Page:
Memos leaked. Wars raging. Rosie fighting in court. CEOs being dragged into court.
As we obsess over it all the spacecraft Voyager 1 (search) is on the edge of the solar system, more than 8 billion miles from Earth -- the tiny blue planet from which it blasted off more than 26 years ago. Twenty six years ago!
Think of what was going on then and what has happened since then.
How this 1,600-pound piece of tin and wire has plodded through the cosmos at more than 38,000 miles per hour as we have plodded through history.
When it launched Jimmy Carter was president and he was popular.
Bill Clinton was an Arkansas attorney general and he was unknown.
We were a long way from 1,000 on the Dow then. We would climb more than 10-fold since then.
Two years away from another energy crisis then.
Jimmy Stewart was still alive. And so were Frank Sinatra, Rock Hudson and Richard Nixon. And so were my parents.
We were talking up some new fangled contraption called the Space Shuttle at NASA and talking down something called Muslim unrest in Iran.
It was before Khomeini and before Saddam.
Communism was still thriving and the World Trade Center was still standing.
No one knew who Bill Gates was then. Michael Dell was in high school. The shooters at Columbine and those who they would shoot weren't even born then.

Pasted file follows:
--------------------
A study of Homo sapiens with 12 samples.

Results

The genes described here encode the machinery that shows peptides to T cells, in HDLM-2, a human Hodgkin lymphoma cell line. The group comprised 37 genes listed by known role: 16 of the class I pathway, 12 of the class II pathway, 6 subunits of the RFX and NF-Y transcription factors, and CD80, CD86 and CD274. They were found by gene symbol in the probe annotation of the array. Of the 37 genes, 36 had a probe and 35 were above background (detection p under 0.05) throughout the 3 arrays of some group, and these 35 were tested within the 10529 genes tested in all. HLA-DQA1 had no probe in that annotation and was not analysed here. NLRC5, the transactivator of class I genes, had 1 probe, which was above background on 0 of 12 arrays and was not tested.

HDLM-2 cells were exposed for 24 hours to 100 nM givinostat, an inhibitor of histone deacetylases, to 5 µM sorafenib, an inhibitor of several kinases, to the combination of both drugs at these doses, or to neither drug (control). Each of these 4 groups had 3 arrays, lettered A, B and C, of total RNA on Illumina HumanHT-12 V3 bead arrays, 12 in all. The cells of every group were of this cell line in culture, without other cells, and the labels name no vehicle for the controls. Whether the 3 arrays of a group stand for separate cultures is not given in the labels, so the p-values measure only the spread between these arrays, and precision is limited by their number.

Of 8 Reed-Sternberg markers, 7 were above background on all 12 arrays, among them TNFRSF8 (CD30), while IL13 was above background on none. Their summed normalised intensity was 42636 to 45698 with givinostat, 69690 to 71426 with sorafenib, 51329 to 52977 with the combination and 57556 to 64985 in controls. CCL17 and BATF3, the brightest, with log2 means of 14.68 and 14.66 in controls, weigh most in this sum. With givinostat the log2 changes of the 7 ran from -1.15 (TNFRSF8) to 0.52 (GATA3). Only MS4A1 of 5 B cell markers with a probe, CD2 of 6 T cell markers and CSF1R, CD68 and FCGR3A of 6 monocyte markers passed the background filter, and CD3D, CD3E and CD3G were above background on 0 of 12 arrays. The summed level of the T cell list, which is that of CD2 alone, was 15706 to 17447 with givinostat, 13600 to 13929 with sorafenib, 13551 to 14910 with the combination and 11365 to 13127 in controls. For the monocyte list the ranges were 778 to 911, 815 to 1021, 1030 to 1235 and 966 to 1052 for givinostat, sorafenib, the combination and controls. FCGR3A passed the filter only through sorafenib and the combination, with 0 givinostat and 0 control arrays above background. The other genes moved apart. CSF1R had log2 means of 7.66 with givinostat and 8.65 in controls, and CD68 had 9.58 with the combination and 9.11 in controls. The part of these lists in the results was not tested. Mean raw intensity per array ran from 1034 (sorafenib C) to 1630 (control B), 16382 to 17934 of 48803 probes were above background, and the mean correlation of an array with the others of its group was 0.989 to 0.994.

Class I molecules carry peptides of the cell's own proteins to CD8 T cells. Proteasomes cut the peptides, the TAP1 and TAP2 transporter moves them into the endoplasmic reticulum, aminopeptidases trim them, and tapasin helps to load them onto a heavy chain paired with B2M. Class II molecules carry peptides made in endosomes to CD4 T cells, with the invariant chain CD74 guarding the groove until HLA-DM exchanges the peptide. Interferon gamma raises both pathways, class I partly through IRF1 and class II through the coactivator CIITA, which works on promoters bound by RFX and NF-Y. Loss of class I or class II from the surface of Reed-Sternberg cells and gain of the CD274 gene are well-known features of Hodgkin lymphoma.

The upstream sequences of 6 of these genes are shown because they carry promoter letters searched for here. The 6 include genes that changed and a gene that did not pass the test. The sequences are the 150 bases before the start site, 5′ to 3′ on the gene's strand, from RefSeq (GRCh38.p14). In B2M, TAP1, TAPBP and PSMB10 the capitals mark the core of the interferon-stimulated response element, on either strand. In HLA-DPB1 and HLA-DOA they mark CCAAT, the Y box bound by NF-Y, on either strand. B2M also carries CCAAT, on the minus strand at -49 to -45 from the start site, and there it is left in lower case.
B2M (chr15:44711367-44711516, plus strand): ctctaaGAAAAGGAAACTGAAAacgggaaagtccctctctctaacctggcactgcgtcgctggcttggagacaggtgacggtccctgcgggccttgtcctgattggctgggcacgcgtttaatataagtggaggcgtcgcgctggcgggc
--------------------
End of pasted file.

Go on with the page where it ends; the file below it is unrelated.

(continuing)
No one had computers. We had typewriters.
Wal-Mart wasn't big and returns on stocks weren't big either.
There was no Internet yet. No Internet boom yet. And no overnight rich yuppies yet.
So many fortunes to be made and lost. There'd be famines and wars, lots of U.N. debates and AIDS.
And as momentous events moved on, Voyager 1 carried on, leaving all of us behind, further and further, quieter and quieter, until the din of our noise became but a flutter in the sky -- an insignificant dot amid so many other insignificant dots.
Man's greatest triumph was realized without any man around.
A pity that as it leaves this great solar system we call home, Voyager 1 can't even see us to say goodbye.
Watch Neil Cavuto's Common Sense weekdays at 4 p.m. ET on Your World with Cavuto.